BILLINGS — As the season for major travel winds down, Billings hoteliers said on Wednesday rates to rent a room in 2021 have increased about 30 to 40 percent after the COVID-19 pandemic forced a downturn in travel in 2020.
“We’ve seen our average rates go up in an area we’ve never been in before. And we’ve seen our occupancy skyrocketing this past summer compared to even the 2019, 2018 years, because people are out traveling more after being cooped up in their homes during the pandemic," said Ron Spence, Billings Hotel and Convention Center general manager on Wednesday.
Yellowstone County's share of the state 4 percent tax on the price of lodging reflects the increase of travelers to the Billings area.
Yellowstone County saw a 154 percent increase in lodging tax revenue from 2020 to 2021, according to the Montana Department of Commerce data.
Steve Warlich owns Best Western Plus Clock Tower Inn in downtown Billings. He said staff have seen their fair share of tourists during the summer, with many traveling from across the country to stay at the hotel.
“We’ve been very blessed in that way. Looking out the next three or four or five months, it’s going to be a lot different, we think. It will go back to very similar to what it was a year ago. We think we’ll do a little bit better in occupancy, better in what we call average daily rate," Wahrlich said.
While the state's lodging revenue figures seem to be pointing in the right direction for Billings, a wider look at tourism in eastern Montana shows a more stagnant picture, Wahrlich said.
“When you look at the year-to-date numbers and you compare that back to 2014, 2015 for Billings, southeast Montana, Glendive, basically the eastern part of the state. We’re exactly flat with those revenues. Rates have gone up. More hotels have come into the marketplace not only in Billings, but throughout eastern Montana. So in reality, while it’s nice to see the increase. Trust me, we are all happy. However the fact is we’re still flat with '14 and '15, meaning we have less people coming to the eastern part of the state," Wahrlich said.
Click here to view specific regional information from the Commerce Department website.
The rate at which the price of a room rebounded to pre-pandemic prices was faster than many in the industry expected, Wahrlich said.
“Rates have come back much faster than anybody anticipated. That includes me, that includes the people at Mariot, Hilton, the big boys. All of us missed that the rates would come back. Typically in a recession, hoteliers will drop rates and they take four to five years to get back to normal after a recession," Wahrlich said.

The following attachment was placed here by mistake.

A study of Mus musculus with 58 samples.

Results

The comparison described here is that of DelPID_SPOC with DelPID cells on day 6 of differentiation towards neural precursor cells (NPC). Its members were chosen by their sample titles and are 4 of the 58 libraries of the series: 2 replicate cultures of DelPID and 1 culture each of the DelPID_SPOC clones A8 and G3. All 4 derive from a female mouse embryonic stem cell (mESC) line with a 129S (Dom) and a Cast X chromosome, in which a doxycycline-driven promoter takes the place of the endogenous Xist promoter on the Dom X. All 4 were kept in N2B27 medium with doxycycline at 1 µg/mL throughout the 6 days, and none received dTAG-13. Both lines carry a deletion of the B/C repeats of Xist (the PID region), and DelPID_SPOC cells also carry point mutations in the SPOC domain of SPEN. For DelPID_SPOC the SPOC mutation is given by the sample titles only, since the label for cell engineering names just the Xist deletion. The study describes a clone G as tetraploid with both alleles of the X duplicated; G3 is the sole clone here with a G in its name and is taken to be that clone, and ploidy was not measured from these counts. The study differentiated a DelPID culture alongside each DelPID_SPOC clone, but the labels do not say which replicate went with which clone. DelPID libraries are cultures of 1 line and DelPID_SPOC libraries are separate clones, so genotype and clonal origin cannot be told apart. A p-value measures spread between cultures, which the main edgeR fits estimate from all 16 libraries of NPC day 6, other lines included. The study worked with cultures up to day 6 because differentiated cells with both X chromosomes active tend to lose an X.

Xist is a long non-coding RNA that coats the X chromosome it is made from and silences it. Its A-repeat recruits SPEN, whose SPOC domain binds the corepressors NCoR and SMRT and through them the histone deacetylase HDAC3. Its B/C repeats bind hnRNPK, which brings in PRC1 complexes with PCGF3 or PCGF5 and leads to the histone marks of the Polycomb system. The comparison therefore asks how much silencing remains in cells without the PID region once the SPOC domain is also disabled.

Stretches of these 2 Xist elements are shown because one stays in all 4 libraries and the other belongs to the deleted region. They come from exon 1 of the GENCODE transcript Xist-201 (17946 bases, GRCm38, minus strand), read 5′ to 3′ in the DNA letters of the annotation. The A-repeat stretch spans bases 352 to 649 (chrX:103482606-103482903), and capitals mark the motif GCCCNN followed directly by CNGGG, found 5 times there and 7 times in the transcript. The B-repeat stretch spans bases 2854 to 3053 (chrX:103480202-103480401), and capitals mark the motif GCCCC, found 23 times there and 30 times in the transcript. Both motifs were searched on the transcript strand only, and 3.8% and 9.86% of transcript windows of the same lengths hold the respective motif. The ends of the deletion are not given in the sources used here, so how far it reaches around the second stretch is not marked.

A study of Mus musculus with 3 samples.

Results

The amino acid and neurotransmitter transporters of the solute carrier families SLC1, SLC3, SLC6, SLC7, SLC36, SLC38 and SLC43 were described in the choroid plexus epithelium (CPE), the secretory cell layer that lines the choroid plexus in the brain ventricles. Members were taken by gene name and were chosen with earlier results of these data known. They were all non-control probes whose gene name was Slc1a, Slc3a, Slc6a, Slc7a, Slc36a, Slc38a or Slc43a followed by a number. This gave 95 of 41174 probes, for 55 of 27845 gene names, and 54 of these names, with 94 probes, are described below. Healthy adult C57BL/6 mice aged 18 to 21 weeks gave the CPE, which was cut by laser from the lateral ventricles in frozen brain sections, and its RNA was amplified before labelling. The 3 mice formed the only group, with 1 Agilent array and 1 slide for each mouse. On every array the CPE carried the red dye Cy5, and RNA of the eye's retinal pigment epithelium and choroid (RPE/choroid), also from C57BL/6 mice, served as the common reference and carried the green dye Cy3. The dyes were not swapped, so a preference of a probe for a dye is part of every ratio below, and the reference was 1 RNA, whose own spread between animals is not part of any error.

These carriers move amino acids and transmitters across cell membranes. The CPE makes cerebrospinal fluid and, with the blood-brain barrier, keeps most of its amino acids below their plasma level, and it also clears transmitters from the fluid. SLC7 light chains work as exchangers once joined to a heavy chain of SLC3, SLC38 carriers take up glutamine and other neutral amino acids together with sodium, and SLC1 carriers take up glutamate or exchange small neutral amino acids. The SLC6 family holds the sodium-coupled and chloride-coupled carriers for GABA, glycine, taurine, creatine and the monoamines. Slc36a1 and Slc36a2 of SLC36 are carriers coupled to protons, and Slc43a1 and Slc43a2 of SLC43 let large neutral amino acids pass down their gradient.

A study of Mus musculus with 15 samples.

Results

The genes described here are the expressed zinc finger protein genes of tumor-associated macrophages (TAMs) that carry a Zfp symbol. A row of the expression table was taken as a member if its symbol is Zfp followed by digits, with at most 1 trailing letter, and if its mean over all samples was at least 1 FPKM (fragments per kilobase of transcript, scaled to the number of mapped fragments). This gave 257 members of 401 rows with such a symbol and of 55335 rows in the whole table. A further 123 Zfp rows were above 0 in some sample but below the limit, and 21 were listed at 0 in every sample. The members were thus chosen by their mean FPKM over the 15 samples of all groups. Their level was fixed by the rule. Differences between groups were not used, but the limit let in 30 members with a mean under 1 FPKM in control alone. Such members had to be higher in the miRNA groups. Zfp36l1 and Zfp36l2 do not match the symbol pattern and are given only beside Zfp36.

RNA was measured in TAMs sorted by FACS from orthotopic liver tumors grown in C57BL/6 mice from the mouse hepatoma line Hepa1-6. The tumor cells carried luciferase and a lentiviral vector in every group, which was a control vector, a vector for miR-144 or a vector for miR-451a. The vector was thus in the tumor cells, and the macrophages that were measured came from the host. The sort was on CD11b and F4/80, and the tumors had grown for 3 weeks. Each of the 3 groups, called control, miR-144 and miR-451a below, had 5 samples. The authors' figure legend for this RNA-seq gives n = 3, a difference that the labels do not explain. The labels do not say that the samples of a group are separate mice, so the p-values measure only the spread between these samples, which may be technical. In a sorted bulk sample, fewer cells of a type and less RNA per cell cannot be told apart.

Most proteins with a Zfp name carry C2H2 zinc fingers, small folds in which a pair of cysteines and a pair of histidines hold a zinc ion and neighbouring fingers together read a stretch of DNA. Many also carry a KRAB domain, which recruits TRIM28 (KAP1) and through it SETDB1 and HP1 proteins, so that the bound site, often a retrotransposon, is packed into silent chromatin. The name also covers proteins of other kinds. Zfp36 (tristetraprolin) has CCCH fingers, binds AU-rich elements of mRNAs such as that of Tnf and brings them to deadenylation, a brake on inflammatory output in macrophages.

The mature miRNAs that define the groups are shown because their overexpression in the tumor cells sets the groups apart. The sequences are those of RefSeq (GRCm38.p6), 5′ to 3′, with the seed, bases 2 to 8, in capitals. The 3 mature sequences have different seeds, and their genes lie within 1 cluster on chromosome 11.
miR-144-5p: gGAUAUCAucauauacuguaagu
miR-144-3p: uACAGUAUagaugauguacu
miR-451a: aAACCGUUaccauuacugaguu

Both hoteliers said by far, Bozeman was the most expensive place in the state to get a hotel room over the summer and likely will be into the future.
"You can go to Bozeman and on a given night pay $500 a night for an average hotel room. Here in Billings, where the rates were running $70, $80, $90, now you’re seeing those rates around $130, $140," Spence said.
Spence said the highest he'd heard a room go for in Bozeman over the summer was near $1,000 per night.
At Billings Hotel, Spence said he estimated about 60 percent of the hotel's guests were from out-of-state. He said many people were just getting in the car to drive this summer, picking hotels as they went.
"They are coming out here because they are trying to get away from the bigger city. They are not going to the big amusement parks and big population centers. We’re seeing these people out here in our neck of the woods," Spence said.
Another downside of the pandemic was that conventions and business travel took a nosedive. If all goes to plan in the coming months and next year, Spence said the Billings Hotel will have a packed calendar of conventions.
“Right now, we’re seeing a lot of groups coming back. Our October, November, December, January are extremely strong. They are back again into 2019, 2018 numbers," Spence said.
While the Billings Hotel has 231 rooms, the Clock Tower Inn has 125 rooms and caters more to families and small groups. Wahrlich said the hotel industry at large hasn't been seeing nearly as many business travelers.
"It used to be predominately 60 percent business travel, 40 percent leisure. That has changed. Now it’s actually 70 percent leisure, 30 percent business. So it’s made a huge, huge change. International travel probably won’t be back for another two years. Overall, we learn to adapt," Wahrlich said.
After all, COVID-19 is still sweeping the state and nation and everyone has been thrown their share of curveballs during the pandemic. It's still anyone's guess as to what happens in the hotel industry in the future.
“We see it kind of flat next year. We’re anticipating people get accustomed to this. We see people going back to more urban markets and traveling there. And will the borders open to international travel? That will be an interesting item to see. And nobody knows. We have no clue. If I did, I'd be in Vegas," Wahrlich said.